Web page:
Government Approves Extension of AHIDF

The Union Cabinet approved the continuation of the Animal Husbandry Infrastructure Development Fund (AHIDF) to be implemented with an outlay of Rs.29,610.25 crore for another three years up to 2025-26. The scheme will incentivize investments in dairy processing and product diversification, meat processing and product diversification, animal feed plants, breed multiplication farms, animal waste-to-wealth management, and veterinary vaccine and drug production facilities. The government will provide a 3% interest subvention for 8 years including two years of moratorium for loans up to 90% from the scheduled bank and National Cooperative Development Corporation (NCDC), NABARD, and NDDB. The eligible entities are individuals, private companies, FPO, MSME, and Section 8 companies. Now the dairy cooperatives will also avail benefits for modernization, and strengthening of the dairy plants. The government of India will also provide credit guarantees to the MSME and Dairy Cooperatives up to 25% of the credit borrowed from the Credit Guarantee Fund of Rs.750 crore. The AHIDF has so far created an impact by adding 141.04 LLPD (Lakh Ltr. Per Day) of milk processing capacity, 79.24 lakh metric tons of feed processing capacity, and 9.06 Lakh metric tons of meat processing capacity by adding to the supply chain since the inception of the scheme. The scheme has been able to increase processing capacity by 2-4% in the dairy, meat, and animal feed sector.

After the inclusion of new activities like technologically assisted breed multiplication farms, strengthening of veterinary drugs and vaccine units, and animal waste to wealth management, the scheme will exhibit a huge potential for the upgradation of infrastructure in the livestock sector. The scheme will be a channel towards employment generation directly and indirectly to 35 lakh people through entrepreneurship development and aims for wealth creation in the livestock sector. So far, the AHIDF has benefitted directly /indirectly approximately 15 lakh farmers.  AHIDF is emerging on a path towards achieving the Prime Minister’s goal of doubling farmers’ income, tapping the livestock sector by bringing the private sector investment, bringing in the latest technologies for processing and value addition, and last but not least contributing to the Nation’s economy by promoting the export of livestock products. Such investments in processing and value-addition infrastructure by eligible beneficiaries would also promote the export of these processed and value-added commodities.

Amul Dairy has launched a new feed variety that will improve solid-non-fat (SNF) in the milk of cows and buffaloes. The problem of low fat and SNF in milk is common in the country’s domestic dairy industry. The milk union’s study revealed that low SNF content was due to less protein and energy in the diet provided to the dairy animals. We had initiated a project through which 3,000 machines were installed in all the villages in our milk shed area. There are three main reasons behind low SNF content including mixing water with milk, subclinical mastitis (which lowers milk production), or lack of vitamin and mineral-rich feed.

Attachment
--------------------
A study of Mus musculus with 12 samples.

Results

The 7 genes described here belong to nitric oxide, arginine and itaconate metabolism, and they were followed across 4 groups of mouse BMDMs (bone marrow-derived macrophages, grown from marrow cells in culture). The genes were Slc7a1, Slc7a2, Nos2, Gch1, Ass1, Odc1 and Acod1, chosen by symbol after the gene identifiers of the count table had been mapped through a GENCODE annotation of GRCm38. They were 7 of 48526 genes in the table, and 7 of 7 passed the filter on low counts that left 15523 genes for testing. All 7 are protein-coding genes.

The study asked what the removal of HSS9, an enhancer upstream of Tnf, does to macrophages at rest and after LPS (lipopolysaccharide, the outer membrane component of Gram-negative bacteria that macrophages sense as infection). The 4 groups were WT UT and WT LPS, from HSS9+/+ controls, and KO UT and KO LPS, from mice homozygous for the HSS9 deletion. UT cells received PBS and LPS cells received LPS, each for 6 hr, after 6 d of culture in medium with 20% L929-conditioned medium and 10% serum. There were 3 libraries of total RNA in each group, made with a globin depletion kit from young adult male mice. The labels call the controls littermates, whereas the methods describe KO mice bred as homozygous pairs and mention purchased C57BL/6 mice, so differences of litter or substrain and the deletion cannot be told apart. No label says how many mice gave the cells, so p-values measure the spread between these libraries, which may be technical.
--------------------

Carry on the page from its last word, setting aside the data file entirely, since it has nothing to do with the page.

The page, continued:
The Central Government has granted certain exemptions under the Income Tax Act to dairy cooperative societies to boost the sector. Primary cooperative societies involved in the supply of milk to the federal cooperative society can now claim deductions for their entire profit related to milk supply to union societies under section 80P of the Income Tax Act, 1961. The surcharge on cooperative societies has been reduced from 12% to 7% for incomes exceeding ₹1 crore and up to ₹10 crores. The rate of alternate minimum tax for cooperative societies has been lowered from 18.5% to 15%, aligning it with the rate applicable to companies. Amendment to Section 269T now ensures that no penal consequences arise for cash repayments by Primary Agricultural Credit Societies ( PACS ) or Agricultural and Rural Development Banks ( PCARDB ) if the amount is less than ₹2 lakh, up from the previous ₹20,000 limit. Co-operative societies now enjoy a higher threshold of ₹3 crore for TDS on cash withdrawal, compared to the ₹1 crore limit applicable to other recipients under section 194N. The government is offering interest subvention on short-term crop loans up to ₹3 lakh for farmers, at an attractive rate of 7% per annum. Prompt repayments attract an additional 3% interest subvention, bringing the effective rate of interest down to 4%. Since 2018-19, the government has introduced the Kisan Credit Card ( KCC ) scheme for Animal Husbandry and Fisheries, providing short-term working capital loans of up to ₹2 lakh per beneficiary, aligning them with short-term crop loans. These measures aim to provide a substantial boost to the dairy sector and promote the financial well-being of cooperative societies involved in dairy activities.